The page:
Nolen Hart writes about buying and maintaining cars, among other things.


Why a Diesel Jeep?

I myself own a 1997 Jeep Wrangler with a four-cylinder gas engine and five-speed manual transmission.

Around town it gets about 16 mpg and on the highway about 20. While this isn't as bad as a Hummer, I think it should do better, especially for such a light vehicle.

Jeeps are fun and versatile vehicles but one thing they don't have going for them in terms of fuel mileage is their boxy shape. Jeeps are aerodynamically like a brick. They have to push a lot of air aside and this really eats up gas mileage.

How can a Jeep get better mileage? You might lower one down a bit (though I shudder at the thought; I mean why have a Jeep then?). Or you could change out the engine as my neighbor Jim recently did.

Diesel engines are a much more efficient way of using fuel. That is why they are the engine of choice in most of the cars on the road in Europe, where fuel costs three times or more what it does here in the US. New technologies are available which can reduce particulate emissions from diesel engines, yet most automakers are now more focused on moving toward the EV market. Four-wheel drive Jeeps are made for use off road, and since there are no EV charging stations "out there", internal combustion engines are still the best choice at this point for off-road vehicles.

My Neighbor's Jeep

Jim has the kind of shop that I envy, a twenty by forty-foot domed barn with a rolling lift that he can use to remove engines with. His shop has the works, air compressors, lots of tools, and even body work equipment.


I'm not 100% up on all of the details involved, but one of the reasons he had to remove the new engine was to modify the transfer case because of differences in the torque of the diesel compared to the old gas engine.

The Jetta engine fits inside the Jeep's engine compartment just fine, with some room to spare, on newly modified motor mounts. The fuel tank, flushed and cleaned is the same one as the Jeep had before. I drove around in it with him and it sounded almost the same, with a little throatier diesel growl on hills, which it crawled up like a champ.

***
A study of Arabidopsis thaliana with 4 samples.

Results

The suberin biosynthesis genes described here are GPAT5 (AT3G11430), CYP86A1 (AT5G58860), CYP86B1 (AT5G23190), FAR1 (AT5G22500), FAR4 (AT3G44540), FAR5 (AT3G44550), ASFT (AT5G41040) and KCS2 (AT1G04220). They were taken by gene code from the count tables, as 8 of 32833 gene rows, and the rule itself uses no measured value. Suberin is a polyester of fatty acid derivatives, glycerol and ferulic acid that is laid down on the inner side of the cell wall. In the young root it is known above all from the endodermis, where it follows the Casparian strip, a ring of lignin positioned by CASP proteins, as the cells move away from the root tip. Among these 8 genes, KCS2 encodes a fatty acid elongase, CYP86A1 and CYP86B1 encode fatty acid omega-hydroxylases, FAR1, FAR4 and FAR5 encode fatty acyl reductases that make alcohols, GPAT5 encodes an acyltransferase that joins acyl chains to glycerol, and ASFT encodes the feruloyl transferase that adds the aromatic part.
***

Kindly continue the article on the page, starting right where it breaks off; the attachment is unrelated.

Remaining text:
Jim claims that he has checked it numerous times by dividing the number of miles driven by the amount needed to top off the tank and he is getting at least 35 MPG on the highway, sometimes more, and around 30 MPG city.

Here in our area diesel is costing about 70 cents more than gas per gallon, but even at that rate the increase in fuel economy is still a big improvement, not to mention the extended cruising range, which can come in handy if Jeeping in remote areas. Jim claims that the diesel Jetta Wrangler conversion handles hills in four-wheel drive much better thanks to improved low-end torque versus the old gasoline engine.

I think Jim just may be on to something with his Jeep - Jetta diesel conversion. He is talking about starting a diesel Jeep conversion company and I might just be his first customer.

An Update

My friend and neighbor passed a way a while back, a few months after I wrote this article. His son drives his old converted diesel Jeep now. I really think my friend was on to something good. It is too bad that too many states have such tough laws against converting a vehicle to diesel. I would advise anyone who wants to do a similar diesel Jeep conversion to first find out what the state laws, as well as federal emission laws are regarding that subject and if this might pose any problems for vehicle licensing later down the road.

Update: Finally, a Diesel Option

Jeep is now finally offering the option of a V6 EcoDiesel, an upgrade available on 2021 models costing $4,000. This engine upgrade also requires an eight-speed automatic that adds another $2,000 to the sticker price. Early reviews from this package so far have been very good, as low end torque produced by the EcoDiesel is very high and fuel economy is reportedly excellent.

This content is accurate and true to the best of the author’s knowledge and is not meant to substitute for formal and individualized advice from a qualified professional.